They have lines for everything - V line for the face and cleavage (uh, what cleavage? You mean that little valley between your twin peaks, Mt Mozzie-bite and Mt Kumquat?), S-line for 'curves', I guess. And all kinds of other such ideals about beauty. I'm not really going to go into them here - click the link to read about it.
Let's get back to the jubblies at hand.
Now, women in my family are blessed with good health, good hair, a sense of humour and pretty blue eyes. One area we don't do so well in is, well, the wah-wahs. With one exception.
Yep, you guessed it. The one person in the family who has decided to zoom off to kimchi-land is the one who is the least aerodynamic. They're not huge, but they're definitely bigger than the average Korean's hemispheres. And with Korean ideas of propriety clashing majorly with those held by your typical South African, my 'over-endowment' in the bikini-stuffer area is looking like it might end up being a bit of a problem.
In South Africa, it is considered acceptable, and even quite elegant, to go out looking like this:
In fact, we even celebrate 'National Cleavage Day' as a Breast Cancer awareness thing. We like our mammaries. We're not ashamed of them, and we don't hesitate to whip out our fun bags whenever it seems appropriate... Within reason.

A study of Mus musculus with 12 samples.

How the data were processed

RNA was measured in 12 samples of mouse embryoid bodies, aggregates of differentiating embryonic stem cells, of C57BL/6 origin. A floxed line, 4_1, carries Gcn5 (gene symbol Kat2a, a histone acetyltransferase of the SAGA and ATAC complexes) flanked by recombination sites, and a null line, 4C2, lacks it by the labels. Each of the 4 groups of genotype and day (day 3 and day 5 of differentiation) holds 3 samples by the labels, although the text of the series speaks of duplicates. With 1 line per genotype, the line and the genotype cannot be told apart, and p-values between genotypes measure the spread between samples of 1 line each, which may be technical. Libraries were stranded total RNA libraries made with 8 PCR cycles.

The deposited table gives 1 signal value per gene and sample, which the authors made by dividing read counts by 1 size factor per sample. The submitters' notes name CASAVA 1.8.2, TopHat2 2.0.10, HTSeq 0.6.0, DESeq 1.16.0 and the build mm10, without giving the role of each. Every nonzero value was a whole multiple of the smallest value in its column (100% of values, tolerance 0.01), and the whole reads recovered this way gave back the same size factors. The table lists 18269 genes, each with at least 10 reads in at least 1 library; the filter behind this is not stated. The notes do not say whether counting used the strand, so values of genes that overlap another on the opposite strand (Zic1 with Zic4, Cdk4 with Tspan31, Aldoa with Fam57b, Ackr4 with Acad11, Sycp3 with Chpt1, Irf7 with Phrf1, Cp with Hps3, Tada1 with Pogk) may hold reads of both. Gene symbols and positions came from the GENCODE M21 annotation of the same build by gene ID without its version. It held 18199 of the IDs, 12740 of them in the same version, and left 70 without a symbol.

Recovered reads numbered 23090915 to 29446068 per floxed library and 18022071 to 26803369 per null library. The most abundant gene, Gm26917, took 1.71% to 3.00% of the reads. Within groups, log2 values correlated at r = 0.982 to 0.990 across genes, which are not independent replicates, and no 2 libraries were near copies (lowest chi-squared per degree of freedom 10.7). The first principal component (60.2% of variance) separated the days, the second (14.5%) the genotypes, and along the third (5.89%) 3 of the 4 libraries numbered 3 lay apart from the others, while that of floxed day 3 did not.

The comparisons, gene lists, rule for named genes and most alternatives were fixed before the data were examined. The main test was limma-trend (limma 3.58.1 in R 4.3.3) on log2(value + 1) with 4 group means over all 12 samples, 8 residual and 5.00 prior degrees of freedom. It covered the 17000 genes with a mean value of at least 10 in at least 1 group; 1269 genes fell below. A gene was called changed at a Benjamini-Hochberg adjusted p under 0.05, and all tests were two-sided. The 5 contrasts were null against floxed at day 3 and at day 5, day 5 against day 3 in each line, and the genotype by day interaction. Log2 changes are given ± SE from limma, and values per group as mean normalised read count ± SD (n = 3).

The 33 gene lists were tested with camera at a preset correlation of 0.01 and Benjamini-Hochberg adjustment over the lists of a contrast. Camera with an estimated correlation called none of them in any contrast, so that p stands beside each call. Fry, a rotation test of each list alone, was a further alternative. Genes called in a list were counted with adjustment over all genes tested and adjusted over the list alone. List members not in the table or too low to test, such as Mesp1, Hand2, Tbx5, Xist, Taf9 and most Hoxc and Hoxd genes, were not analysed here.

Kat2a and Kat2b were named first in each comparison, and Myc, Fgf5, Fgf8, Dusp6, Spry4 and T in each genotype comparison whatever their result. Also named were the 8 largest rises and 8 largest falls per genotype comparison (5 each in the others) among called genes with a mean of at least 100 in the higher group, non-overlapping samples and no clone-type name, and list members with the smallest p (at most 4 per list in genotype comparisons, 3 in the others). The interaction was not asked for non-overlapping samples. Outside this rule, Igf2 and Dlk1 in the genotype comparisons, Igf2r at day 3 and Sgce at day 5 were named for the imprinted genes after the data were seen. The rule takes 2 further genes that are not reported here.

Oddly enough (from a Korean perspective), we happy mushmelon-jiggling Saffers think this is a bit trashy:
It's perfectly acceptable in Korea, apparently. All right, let's agree to disagree about where it's appropriate to flash whatever kind of cleavage. What worries me is that because I am 'lucky' to have the most shapely sugarplums in my family, I've always cunningly used them to draw attention away from the junk in my trunk, if you get my drift. I have a loooot of junk in my trunk. What can I say? I'm a hoarder. See, if we break it down into Korean terms, my body is less of an S line and more of a ᄅ. So I most definitely veer away from the Korean trend of miniskirts and matron tops, toward a more western idea of enhancing the Moo Moos and hiding my other-other lovely lady lumps.
This means I'm going to have to go through all my clothes and throw out anything strappy or plunging. I didn't even know some things were low cut until I saw photos of myself in what I thought at the time was fairly formal, conservative wear. Why yes, I did bring my Jemimas to your wedding. Sorry about that.
Once I've gotten rid of all the clothing that lifts my udders, squeezes my tortillas, drops bass on my woofers and frames my dueling banjos, I wonder if there will be anything left for me to actually wear. I'm also going to have to invest in a whole lot of over-shoulder boulder-holders as they don't sell anything larger than a B-cup in Korea.
*Ah, euphemisms. Boy, this was a fun post to write.